Version 0.4.0 is the second major release of Android++ and comes with a large number of new features which have been developed over the last few months. It adds support for debugging native applications on Android L devices, and also includes integrations for ProGuard, Multi-dex files and 64-bit architecture toolchains.
Probably the biggest news, however, is that Android++ is now fully compatible with Microsoft’s Visual Studio Community 2013. Much like previous ‘Express’ releases of Visual Studio products, ‘Community 2013′ is completely free for most developers – but addresses certain restrictions in Express Editions that prevented support from third-party extensions. As a result, you can now use the free Android++ extension with a free version of Visual Studio!
Download 0.4.0 now, or read the full change-list (as follows):
– Added support for Android L Preview and Android Lollipop.
– Added a custom-built version of ‘zipalign’ to support APK archives above 2GB.
– Added a custom-built version of ‘ndk-depends’ to manually supply up-to-date listings of internal device libraries.
– (MSBuild) Added support for NDK r10c and 64-bit targets. Currently only ‘arm64-v8a’ supported.
– (MSBuild) Added support for armeabi-v7a-hard (hard-float).
– (MSBuild) Added support for whole program optimisations via ProGuard integration.
– (MSBuild) Added support for automated exporting of multi-dex compatible Dalvik executables. (https://developer.android.com/tools/building/multidex.html)
– (MSBuild) Added toolchain configurations for GCC 4.9, Clang 3.4, and Clang 3.5.
– (MSBuild) Improved identification of exported scripts; version descriptors are now copied alongside each platform.
– (MSBuild) Fixed an issue causing Java compilation to occur only on BuildConfig.java and R.java files, despite lack of project .java sources.
– An r10 derivative release of the Android NDK is required in order to target 64-bit architectures.
– (MSBuild) ProGuard configuration scripts (named ‘proguard.txt’ or ‘proguard-project.txt’) can now be placed alongside an AndroidManifest.xml
Today marks the first public release of Android++!
It’s a momentous moment for me – the culmination of around two years of work on this project. Whilst development has been lengthy, it has also been extremely rewarding. The closed Beta was reasonably successful, a good way to remove a lot of teething problems. In hindsight though, I should have provided more visibility as to what was happening and the timelines involved. The project has seen a dramatic evolution over this period and feels much more professional as a result. Thank you very much to those who have provided support and feedback thus far.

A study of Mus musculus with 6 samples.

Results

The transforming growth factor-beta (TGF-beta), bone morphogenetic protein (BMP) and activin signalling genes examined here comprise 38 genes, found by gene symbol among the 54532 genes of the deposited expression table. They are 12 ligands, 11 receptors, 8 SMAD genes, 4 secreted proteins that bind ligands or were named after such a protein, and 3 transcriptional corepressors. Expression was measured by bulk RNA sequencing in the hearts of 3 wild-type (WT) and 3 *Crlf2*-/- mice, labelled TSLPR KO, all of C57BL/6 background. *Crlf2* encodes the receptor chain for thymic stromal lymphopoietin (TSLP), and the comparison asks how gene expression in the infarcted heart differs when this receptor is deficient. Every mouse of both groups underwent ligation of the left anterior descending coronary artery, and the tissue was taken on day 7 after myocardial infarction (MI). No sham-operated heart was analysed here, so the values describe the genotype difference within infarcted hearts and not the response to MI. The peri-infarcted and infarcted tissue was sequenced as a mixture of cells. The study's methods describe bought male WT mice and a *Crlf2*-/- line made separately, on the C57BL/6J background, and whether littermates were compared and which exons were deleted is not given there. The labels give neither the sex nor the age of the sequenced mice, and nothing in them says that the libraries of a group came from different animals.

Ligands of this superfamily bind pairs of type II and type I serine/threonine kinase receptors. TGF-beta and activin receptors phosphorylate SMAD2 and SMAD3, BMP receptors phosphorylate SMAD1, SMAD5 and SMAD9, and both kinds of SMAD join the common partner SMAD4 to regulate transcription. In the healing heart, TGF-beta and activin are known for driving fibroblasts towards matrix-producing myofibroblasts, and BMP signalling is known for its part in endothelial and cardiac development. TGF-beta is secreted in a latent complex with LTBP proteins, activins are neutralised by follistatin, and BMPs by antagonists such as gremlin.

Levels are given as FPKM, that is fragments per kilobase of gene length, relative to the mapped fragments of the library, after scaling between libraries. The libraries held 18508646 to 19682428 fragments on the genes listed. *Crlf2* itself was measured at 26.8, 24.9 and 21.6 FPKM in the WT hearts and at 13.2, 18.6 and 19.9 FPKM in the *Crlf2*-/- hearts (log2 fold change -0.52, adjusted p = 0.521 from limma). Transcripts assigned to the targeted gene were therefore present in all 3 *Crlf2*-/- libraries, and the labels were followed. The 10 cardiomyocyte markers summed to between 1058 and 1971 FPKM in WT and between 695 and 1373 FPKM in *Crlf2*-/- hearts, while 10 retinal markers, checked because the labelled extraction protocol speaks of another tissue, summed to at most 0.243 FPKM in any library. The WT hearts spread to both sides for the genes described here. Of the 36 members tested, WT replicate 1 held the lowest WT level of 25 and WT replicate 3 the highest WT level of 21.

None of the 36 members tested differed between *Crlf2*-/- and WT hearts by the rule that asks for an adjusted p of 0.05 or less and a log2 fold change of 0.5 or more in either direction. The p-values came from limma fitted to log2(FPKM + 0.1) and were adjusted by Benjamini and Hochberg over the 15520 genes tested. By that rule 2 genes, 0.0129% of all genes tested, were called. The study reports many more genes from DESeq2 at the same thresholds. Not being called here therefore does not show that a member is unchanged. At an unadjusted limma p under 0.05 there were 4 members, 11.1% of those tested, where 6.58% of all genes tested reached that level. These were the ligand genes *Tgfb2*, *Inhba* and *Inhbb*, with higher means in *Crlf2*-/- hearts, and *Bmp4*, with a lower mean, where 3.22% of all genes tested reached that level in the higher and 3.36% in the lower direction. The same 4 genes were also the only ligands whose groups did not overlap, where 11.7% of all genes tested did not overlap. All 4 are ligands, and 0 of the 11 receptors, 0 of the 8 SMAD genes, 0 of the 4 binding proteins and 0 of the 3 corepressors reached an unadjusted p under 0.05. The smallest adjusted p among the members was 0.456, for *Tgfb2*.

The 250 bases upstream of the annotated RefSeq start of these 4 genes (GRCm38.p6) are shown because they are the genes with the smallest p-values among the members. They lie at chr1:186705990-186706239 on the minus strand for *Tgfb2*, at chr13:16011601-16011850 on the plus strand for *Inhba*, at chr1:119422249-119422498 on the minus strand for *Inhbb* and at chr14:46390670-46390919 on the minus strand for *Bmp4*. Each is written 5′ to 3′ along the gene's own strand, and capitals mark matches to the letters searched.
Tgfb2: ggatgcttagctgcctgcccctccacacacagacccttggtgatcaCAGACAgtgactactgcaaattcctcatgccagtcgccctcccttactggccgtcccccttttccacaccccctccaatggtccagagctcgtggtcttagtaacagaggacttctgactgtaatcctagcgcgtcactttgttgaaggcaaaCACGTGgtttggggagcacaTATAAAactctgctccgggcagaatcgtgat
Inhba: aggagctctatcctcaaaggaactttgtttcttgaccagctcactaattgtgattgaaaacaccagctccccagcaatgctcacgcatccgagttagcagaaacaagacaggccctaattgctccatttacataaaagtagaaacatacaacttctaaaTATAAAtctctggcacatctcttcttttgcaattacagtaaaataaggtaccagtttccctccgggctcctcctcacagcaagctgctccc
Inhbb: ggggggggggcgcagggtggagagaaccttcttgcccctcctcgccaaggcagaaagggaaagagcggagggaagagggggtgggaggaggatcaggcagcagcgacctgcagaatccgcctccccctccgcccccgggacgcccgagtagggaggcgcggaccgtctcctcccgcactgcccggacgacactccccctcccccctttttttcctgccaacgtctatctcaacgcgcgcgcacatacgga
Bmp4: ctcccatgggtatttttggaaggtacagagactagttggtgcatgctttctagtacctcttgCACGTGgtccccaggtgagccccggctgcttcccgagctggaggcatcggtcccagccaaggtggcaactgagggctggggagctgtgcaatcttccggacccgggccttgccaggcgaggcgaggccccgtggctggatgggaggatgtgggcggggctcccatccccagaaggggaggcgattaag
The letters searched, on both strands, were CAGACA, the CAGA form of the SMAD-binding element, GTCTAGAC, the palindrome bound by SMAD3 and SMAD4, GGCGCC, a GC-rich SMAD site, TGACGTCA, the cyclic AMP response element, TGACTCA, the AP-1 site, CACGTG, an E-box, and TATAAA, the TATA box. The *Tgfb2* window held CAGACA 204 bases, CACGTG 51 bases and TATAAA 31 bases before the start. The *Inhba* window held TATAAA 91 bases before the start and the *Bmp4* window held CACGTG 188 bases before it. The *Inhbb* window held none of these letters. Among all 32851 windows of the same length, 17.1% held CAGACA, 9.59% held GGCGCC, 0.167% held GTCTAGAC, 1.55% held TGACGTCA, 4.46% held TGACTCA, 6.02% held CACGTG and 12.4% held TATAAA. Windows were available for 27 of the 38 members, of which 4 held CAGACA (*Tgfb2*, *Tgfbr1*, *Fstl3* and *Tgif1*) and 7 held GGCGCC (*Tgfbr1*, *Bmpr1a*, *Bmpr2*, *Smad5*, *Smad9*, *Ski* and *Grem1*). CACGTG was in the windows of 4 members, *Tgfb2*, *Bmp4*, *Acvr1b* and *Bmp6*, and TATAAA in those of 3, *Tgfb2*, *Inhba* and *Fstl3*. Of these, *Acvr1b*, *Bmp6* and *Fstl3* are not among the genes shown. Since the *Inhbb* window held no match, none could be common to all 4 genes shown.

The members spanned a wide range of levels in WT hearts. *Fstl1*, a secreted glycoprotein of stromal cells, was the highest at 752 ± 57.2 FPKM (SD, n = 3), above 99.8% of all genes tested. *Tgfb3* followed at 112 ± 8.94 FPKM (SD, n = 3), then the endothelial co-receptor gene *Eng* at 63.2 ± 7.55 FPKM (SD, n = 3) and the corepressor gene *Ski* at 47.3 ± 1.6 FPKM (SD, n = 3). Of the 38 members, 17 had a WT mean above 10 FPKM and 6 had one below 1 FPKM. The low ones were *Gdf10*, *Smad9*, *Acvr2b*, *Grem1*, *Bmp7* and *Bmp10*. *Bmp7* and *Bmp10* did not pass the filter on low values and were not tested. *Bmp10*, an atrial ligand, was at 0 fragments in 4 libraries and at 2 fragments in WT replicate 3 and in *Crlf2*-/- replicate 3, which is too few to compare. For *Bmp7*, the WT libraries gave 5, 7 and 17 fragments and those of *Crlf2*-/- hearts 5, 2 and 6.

The project is released under a modified zlib license. Please ensure you agree to this before downloading. Ideally this should be permissive enough for everyone to use this software. Documentation and samples are provided to help you get started, though inevitably these will need to be developed over the course of coming releases.
Please continue to check back for further updates.
Firstly, can I start by thanking all of you who have showed such an interest in Android++ over the last few days. I’ve been amazed at the sheer quantity of people sharing this website, and contacting me with the hope of joining the beta test. I will talk a little more in response to those requests below, but I’d initially like to clear up some confusion as to what exactly Android++ is/does:
Android++ is a freely distributed extension (and collection of MSBuild scripts/build-rules) which augment Visual Studio to support NDK-based “native” development. If you are unfamiliar or confused as to what I mean by ‘native’, it essentially means projects that are targeting applications with predominantly C or C++ sources. In short, it’s intended to support applications where performance is paramount – like a Game or Simulation. It also manages the debugging of those native applications via GDB, which is controllable within the Visual Studio IDE as if you were debugging a Windows application. There is no support for C# or .NET, if you are interested in those please look toward Xamarin or Mono.
With respect to Beta testing, I am still accepting applications, but please note that I will prioritise anyone who has existing Android experience. I’m looking for people who already understand enough about Android and/or Visual Studio that they won’t need a great deal of support. I have already created a few samples to demonstrate integration, but the process of writing documentation can be lengthy. Rollout to registered testers will occur in a staggered fashion over the next few weeks. I’ll be attempting to manage this such that a portion of “new” users are always included per iteration. When registering, please consider taking the time to provide a little extra information about your Android experience and/or projects you hope to use Android++ on – it will help me make a better assessment of where you’d fit in the testing process.